Ritsumeikan Asia Pacific University



Round Table Discussion with Staff of the World Bank

Nov 2, 2007

On Tuesday 23rd October, a round table discussion was held with Mr. OMORI Koichi, Communications Officer at the Tokyo Office of the World Bank, and 20 students interested in finding employment at the World Bank and other international organisations.

This informal discussion was made possible as a result of Mr. Omori's attendance at APU as one of the lecturers of the International Organisation Relay Lectures, which are taking place this fall semester.

At the discussion, Mr. Omori gave a brief overview of the World Bank's activities, explained the recruitment pattern to the students, and then gave a general outline of the recruitment process, highlighting three main points about the type of individuals sought by the World Bank.

The first type is the specialized individual, who delves deep into their own area of expertise and seeks to become a professional in that field. Together with expertise in a particular area, individuals who also possess a wide range of skills and knowledge are sought after. At this point, Mr. Omori urged the students to think carefully about what they want to specialize in when they obtain their degree and go on to graduate studies.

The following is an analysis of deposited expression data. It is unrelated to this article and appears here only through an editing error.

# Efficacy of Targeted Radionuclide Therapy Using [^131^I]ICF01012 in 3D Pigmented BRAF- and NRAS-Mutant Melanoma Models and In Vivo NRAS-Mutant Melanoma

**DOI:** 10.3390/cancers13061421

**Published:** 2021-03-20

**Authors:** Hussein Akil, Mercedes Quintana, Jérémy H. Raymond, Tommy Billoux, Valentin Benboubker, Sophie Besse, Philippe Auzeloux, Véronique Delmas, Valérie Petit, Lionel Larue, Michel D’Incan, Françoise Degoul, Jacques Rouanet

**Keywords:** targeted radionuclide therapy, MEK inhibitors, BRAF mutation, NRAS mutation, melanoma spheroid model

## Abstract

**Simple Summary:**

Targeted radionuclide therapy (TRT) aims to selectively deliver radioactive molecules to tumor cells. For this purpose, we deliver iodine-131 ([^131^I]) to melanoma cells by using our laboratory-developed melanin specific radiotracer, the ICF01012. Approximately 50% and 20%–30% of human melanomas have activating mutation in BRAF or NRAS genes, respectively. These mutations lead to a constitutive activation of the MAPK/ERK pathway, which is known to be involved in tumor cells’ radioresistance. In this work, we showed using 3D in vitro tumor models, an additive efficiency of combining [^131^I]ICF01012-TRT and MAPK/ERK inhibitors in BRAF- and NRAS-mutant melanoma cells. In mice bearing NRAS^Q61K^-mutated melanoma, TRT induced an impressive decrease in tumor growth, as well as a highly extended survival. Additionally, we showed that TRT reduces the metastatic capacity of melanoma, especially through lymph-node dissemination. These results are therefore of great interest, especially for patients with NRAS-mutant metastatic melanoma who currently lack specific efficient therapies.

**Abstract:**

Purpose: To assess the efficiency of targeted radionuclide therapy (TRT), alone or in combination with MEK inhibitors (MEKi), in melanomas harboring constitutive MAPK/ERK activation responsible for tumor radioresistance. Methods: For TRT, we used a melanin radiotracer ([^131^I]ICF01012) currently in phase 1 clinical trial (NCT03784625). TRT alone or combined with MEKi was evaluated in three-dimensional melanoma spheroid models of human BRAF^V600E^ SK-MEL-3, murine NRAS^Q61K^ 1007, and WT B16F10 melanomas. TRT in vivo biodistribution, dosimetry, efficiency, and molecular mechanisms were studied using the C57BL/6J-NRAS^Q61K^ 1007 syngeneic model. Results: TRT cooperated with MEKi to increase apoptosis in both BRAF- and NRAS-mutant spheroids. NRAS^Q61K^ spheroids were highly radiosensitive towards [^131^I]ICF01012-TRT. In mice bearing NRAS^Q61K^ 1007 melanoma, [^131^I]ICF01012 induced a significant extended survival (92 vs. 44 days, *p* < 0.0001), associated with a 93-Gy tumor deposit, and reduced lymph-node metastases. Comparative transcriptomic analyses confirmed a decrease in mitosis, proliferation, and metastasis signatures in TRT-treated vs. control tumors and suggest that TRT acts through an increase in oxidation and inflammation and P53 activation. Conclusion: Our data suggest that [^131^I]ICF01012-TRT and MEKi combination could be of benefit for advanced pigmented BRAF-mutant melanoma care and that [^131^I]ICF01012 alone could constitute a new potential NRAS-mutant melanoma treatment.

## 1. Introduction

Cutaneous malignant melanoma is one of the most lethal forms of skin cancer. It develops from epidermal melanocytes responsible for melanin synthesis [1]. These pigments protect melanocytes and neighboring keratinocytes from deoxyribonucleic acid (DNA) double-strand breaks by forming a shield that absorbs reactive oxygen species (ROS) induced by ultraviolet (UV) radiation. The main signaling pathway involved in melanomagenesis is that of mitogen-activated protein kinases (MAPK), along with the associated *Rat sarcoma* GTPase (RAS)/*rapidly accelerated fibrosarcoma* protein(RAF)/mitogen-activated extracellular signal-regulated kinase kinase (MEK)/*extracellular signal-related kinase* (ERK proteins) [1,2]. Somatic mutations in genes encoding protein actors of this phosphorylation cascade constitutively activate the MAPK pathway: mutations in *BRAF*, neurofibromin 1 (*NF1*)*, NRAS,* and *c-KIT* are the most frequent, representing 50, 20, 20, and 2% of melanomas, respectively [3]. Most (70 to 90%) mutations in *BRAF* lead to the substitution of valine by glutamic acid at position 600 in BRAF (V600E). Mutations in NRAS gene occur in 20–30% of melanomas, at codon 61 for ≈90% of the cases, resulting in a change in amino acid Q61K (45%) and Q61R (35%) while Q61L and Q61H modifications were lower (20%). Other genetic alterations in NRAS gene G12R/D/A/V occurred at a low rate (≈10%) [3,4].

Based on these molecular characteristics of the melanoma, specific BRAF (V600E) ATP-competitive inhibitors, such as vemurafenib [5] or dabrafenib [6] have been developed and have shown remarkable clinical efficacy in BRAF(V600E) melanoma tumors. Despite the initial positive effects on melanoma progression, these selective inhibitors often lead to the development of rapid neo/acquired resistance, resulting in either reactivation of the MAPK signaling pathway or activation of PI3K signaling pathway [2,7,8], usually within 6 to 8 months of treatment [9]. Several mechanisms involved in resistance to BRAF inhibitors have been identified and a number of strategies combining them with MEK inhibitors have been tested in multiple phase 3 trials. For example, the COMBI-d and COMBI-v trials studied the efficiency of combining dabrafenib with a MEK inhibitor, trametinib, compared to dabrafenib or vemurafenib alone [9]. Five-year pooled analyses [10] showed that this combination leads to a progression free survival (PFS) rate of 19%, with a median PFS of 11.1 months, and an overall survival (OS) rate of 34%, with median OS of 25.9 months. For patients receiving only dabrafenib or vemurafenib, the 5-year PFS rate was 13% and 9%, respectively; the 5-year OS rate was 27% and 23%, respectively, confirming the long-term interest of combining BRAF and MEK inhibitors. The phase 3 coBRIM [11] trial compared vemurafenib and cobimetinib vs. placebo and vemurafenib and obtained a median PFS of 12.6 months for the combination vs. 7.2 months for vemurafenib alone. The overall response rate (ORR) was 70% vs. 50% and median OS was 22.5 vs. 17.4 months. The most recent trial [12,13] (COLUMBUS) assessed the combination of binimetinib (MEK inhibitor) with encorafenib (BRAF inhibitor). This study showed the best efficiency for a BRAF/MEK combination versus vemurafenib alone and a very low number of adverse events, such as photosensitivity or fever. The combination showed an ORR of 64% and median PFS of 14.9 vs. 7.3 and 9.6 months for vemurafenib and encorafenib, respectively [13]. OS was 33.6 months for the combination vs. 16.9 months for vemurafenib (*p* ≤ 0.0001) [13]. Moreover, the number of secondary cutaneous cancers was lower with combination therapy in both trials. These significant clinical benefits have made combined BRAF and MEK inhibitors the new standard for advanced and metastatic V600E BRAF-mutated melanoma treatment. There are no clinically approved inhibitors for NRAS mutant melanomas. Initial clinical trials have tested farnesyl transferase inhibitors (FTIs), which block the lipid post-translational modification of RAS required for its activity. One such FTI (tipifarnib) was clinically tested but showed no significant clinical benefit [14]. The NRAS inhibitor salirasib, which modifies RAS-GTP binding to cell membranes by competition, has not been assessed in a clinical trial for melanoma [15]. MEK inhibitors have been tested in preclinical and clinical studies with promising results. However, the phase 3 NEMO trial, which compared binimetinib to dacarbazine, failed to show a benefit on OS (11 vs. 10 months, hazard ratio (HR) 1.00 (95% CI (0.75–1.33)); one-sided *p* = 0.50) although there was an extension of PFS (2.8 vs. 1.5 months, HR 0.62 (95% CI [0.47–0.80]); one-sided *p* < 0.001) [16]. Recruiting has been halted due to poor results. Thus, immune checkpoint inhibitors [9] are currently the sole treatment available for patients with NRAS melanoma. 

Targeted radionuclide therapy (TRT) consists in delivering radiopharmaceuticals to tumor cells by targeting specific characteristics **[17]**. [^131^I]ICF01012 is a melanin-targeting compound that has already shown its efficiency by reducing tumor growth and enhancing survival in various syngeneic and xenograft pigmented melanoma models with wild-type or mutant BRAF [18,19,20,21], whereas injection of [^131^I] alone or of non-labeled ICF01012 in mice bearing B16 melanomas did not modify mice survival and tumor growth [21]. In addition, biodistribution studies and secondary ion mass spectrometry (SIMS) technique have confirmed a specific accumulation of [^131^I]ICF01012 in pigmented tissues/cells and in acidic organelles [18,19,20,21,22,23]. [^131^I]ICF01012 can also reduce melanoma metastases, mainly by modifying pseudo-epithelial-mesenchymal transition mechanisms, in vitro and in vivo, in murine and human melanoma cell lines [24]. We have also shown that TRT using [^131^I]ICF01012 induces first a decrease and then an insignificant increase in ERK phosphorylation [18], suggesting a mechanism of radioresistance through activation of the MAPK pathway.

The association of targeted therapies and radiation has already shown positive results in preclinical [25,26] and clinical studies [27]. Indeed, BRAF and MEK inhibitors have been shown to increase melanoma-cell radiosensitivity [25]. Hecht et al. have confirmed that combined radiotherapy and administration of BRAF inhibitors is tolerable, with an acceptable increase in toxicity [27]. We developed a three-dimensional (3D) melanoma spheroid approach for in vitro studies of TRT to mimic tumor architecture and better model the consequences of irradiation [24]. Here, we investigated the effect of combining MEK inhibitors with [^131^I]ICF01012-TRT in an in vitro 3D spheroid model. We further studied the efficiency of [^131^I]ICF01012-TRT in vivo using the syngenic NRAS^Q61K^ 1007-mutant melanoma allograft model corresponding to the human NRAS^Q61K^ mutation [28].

The second type, as explained by Mr. Omori, is the individual with proficiency in English. In the head office of the World Bank and even in the Tokyo office, all affairs are carried out in English, therefore the ability to assemble reports and hold discussions in English is essential.

Finally, the World Bank highly values work experience related to developing countries. Mr. Omori expressed that the main duty of the World Bank is to assist developing countries by way of financial loans and if the applicant has neither lived in a developing country nor worked in a job related to a developing country, then they will not be suitable for this occupation. He then advised the students to write up a clear 10-year career plan after graduating from university, in order to pave their way to a job at the World Bank.

"I want to work for an international organisation, but at the moment I am unable to undertake sufficient study in a specialised field, so how should I best spend my student life?" was a question from one student, and after responding with his own experiences of student and work life, Mr. Omori gave this final message "You may want to avoid organising the club secretariat because of all the troublesome work it involves, but there is in fact a similar activity at the World Bank in the shape of the Project Management Circle... There are so many things you can do and learn on this campus, just stretch up your antenna and lead as fulfilling a student life as possible."